By Omar Bihmidine
By Omar Bihmidine
Morocco World News
Sidi Ifni, Morocco, January 13, 2012
While reading a collection related to teaching and learning, I came across a Richard Henry quote that has stuck with me: “He who dares to teach must never cease to learn.” My experience as a teacher has proved this to be true. Furthermore, it is when this principle is not followed that teachers lose their passion and relevance.
There are numerous ways a teachers’ skills may diminish, and in the end stagnate. Some stay fresh by continuing to learn, and follow developments in their specialty. Teachers’ own learning is rarely discussed because they are assumed to be experts in their field and so must be doing a good job in the classroom. It is of great benefit to the community, and ultimately to teachers themselves, if they are kept accountable to keep learning and growing.
The training undergone by new teachers often makes them forget what it means to learn. In assuming a new and single purpose, the focus on preparing lessons, the importance of learning more and new things is forgotten. Teachers should stay current with educational research and read inside and outside their field.
Complacency—or worse, narrow-mindedness—are huge handicaps. And if we teachers do not think it necessary to read in our specialties, or revise and reassess lessons, then our careers will not flourish. That so many teachers, especially here in Morocco, do not publish articles or essays is proof of a complacent attitude.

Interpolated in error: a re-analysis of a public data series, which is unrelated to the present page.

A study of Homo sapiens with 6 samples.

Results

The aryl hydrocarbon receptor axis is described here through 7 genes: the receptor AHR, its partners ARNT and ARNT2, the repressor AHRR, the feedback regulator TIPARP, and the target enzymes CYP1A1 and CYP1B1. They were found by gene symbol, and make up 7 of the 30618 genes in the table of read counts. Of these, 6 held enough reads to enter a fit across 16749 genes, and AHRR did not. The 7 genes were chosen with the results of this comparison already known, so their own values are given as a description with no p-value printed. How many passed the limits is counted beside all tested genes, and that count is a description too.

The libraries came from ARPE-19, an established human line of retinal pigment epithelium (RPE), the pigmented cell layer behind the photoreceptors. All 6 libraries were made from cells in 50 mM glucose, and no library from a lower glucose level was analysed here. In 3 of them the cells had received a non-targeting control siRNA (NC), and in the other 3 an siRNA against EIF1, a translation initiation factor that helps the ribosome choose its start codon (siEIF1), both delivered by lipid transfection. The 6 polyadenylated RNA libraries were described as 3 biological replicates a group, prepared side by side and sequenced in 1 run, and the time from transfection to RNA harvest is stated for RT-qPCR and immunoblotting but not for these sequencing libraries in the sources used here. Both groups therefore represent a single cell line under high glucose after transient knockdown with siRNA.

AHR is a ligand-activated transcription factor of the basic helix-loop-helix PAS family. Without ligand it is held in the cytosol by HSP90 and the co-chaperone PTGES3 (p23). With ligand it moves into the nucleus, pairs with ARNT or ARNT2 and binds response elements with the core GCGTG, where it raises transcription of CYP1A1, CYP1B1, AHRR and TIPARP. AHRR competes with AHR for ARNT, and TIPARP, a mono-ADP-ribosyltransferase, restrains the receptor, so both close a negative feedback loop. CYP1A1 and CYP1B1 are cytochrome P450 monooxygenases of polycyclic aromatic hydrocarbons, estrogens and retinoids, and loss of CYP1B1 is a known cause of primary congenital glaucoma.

It is worth examining why teachers are not motivated to continue to grow in their own learning, and why so many can be found sitting in cafés and watching football matches one after another. It would be refreshing to see this time in cafés used to discuss the calamitous education system, or for writing something noteworthy for the community to read.
It is necessary to discuss the competence of the teaching staff when discussing the deplorable education system. Some of those who read this may find it shocking to criticize teachers, but I feel we must be realistic about the current standards, and so help encourage continual growth and enthusiasm.
For example, my high school English teacher spoke in our mother tongue more than in English. This technique might have been fine: the teacher spoke in Arabic so students would find it easier to participate. Only participation did not always mean contributing to lessons; many raised their hand to tell a joke in Arabic or Berber. Clearly, my teacher was not motivated to help us learn English.
And a teacher who is not inspired in the classroom can not be expected to prepare adequately outside of class. It probably is no surprise that this same English teacher did not take his bag home but left it under the desk so he would not have the trouble of bringing it in the next day. The message behind this example is that this teacher ceased to learn, a case in point for so many. And we can no longer wait for change, but must find ways now to improve standards in the classroom.
Edited by Jasmine Davey
Omar Bihmidine is high school teacher of English. He obtained his Associate Degree at Choaib Eddoukali University in 2008. His writings take the form of short stories, poems and articles, many of which have been published in Sous Pens magazine, in the ALC magazine in Agadir, and in the late Casablanca analyst newspaper .
The views expressed in this article are the authors’ own and do not necessarily reflect Morocco World News’ editorial policy.